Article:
The research interests of Ann M. Moyer, M.D., Ph.D., are in the development of genetic tests for primary immunodeficiencies and pharmacogenomics, as well as the evaluation and improvement of currently available testing methods and the appropriate utilization of clinical tests.
As a co-director of the Personalized Genomics Laboratory in the Mayo Clinic Department of Laboratory Medicine and Pathology, Dr. Moyer has developed a pharmacogenomic panel that includes genetic information to assist physicians in selecting the most appropriate medication and dose for individual patients using an evidence-based approach. She is interested in the identification of genetic variants that may lead to optimization of medications ranging from menopausal hormone therapy to antibiotics. She also works toward determining optimal approaches to clinical testing, including evaluating the suitability of currently available clinical pharmacogenomic tests for patients of diverse ethnic backgrounds, the cost-effectiveness of targeted genotyping compared with that of sequencing tests, and the implementation of clinical decision support tools to facilitate appropriate test utilization and interpretation.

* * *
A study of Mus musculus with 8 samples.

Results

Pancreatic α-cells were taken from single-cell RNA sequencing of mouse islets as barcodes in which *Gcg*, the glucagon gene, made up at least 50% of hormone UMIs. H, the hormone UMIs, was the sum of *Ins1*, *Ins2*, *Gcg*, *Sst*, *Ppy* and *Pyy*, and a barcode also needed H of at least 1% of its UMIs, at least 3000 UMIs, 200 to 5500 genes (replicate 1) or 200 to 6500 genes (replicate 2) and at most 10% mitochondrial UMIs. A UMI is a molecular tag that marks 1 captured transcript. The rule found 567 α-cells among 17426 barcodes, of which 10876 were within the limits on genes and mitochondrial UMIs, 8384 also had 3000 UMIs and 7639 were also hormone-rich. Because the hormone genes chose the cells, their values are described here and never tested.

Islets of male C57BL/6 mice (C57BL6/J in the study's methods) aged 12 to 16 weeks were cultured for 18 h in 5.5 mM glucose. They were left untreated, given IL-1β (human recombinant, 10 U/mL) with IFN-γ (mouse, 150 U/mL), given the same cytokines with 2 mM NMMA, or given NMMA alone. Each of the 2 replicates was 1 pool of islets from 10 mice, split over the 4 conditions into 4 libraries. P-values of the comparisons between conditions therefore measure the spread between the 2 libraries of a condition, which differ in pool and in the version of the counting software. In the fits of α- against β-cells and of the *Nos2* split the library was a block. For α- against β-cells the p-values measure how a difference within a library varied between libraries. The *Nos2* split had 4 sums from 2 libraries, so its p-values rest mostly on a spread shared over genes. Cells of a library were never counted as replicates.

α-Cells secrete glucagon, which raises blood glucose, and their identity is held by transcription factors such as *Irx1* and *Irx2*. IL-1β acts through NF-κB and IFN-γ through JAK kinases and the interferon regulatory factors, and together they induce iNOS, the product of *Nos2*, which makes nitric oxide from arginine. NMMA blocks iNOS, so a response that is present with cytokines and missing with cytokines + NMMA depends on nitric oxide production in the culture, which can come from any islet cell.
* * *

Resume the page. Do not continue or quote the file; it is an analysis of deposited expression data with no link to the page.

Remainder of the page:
Dr. Moyer also develops genetic tests for use in the diagnosis of primary immunodeficiencies and other immune-mediated disorders. In this area, her interests include identification of additional genetic variation that can lead to immunodeficiency and understanding whether and how several separate genetic variants or nongenetic factors or both may together contribute to disease presentation.
Significance to patient care
Dr. Moyer's research in pharmacogenomics may allow for new test development, further refinement of current tests and increased adoption of testing in order to improve medication selection and dosing based on individual genetic variation, including for ethnically diverse populations. Dr. Moyer's work in primary immunodeficiencies may lead to a more complete understanding of the contribution of genetic variation to primary immunodeficiencies as well as to further improvements in clinical testing.